What is Polymer?
Google has introduced many of their projects at their yearly I/O conferences. There is one of them worth putting our attention to Project Polymer. This project was led by a team of front end developers working within the Chrome organization at Google. Their main initiative is to make users’ lives easier. They want to “evolve and improve the web platform.” There are a few features Polymer comes with an easier way to create custom elements, two-way data binding, computed properties and a library of elements. But, it’s the main feature are web components. These web components let us create custom elements and tags for our website. We think of Polymer as an SDK for the web, making web application much faster and efficient.
To break down what web components are exactly, it is a set of features in the process (currently being added by the W3C) that lets us create reusable widgets or components in web documents and web applications. These web components allow you to create custom elements.
There are custom elements inside of Polymer: iron elements, paper elements, google web components, gold elements, neon elements, platinum elements, and molecules to name a few.
Iron elements are collections of basic elements, but with polymer powers. All elements are iron prefixed that’ll allow you to add extra attributes we wouldn’t normally be able to apply to normal elements.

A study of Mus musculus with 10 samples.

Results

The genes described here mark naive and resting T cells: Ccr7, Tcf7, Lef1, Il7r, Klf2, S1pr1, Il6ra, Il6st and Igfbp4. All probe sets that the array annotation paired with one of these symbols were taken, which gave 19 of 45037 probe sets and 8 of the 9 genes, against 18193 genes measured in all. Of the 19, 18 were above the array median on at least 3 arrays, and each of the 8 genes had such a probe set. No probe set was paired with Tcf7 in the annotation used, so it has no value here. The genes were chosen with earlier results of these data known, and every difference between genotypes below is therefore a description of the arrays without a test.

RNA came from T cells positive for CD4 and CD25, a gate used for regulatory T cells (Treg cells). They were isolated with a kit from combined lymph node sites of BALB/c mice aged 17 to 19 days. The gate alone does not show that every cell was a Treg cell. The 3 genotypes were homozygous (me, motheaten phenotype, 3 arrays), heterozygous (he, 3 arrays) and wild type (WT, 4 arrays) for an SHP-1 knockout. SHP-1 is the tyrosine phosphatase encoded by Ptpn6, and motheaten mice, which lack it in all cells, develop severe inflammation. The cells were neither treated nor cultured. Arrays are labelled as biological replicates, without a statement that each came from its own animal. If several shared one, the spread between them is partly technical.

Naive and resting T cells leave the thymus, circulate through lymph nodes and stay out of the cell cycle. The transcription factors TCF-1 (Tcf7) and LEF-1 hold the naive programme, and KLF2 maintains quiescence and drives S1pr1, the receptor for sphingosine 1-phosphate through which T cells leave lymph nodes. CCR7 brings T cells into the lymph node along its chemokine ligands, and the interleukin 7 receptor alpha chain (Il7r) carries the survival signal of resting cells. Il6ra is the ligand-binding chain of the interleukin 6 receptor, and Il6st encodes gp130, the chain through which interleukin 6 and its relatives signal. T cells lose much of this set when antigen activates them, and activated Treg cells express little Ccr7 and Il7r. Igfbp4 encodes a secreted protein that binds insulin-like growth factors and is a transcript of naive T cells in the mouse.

Polymer introduced a paper element, a “medium that underlies the content”, or their own pre-made elements that implement Google’s new design language, material design.
Google had announced their newly developed design language in 2014. Their design language was built on their three essential principles: Material, Bold, and Motion. The material is to be responsive and natural. The movements will imitate real world movements and don’t occur instantaneously in design. But what’s interesting about this language is that, in theory, material design should work for any screen size: phone, TV screen, watch, tablet, etc.
Google Web components:
Polymer provides special elements that make interacting with Google APIs and services easier, like Google maps and Youtube.
The problem is Chrome is the only browser that fully supports web components right now. However, we are able to use “Polyfills” to let us use web components in other browsers such as Firefox, Safari, etc.
Is this the future standard?
Polymer, by any means, won’t be the holy grail of solving all web development issues. But, with its use of web components and custom elements, it will simplify developing and maintenance of web apps. Web components can “change how we think about building a website.” Alex adds, “Instead of rearranging existing elements to do what we want them to do, we can create them.”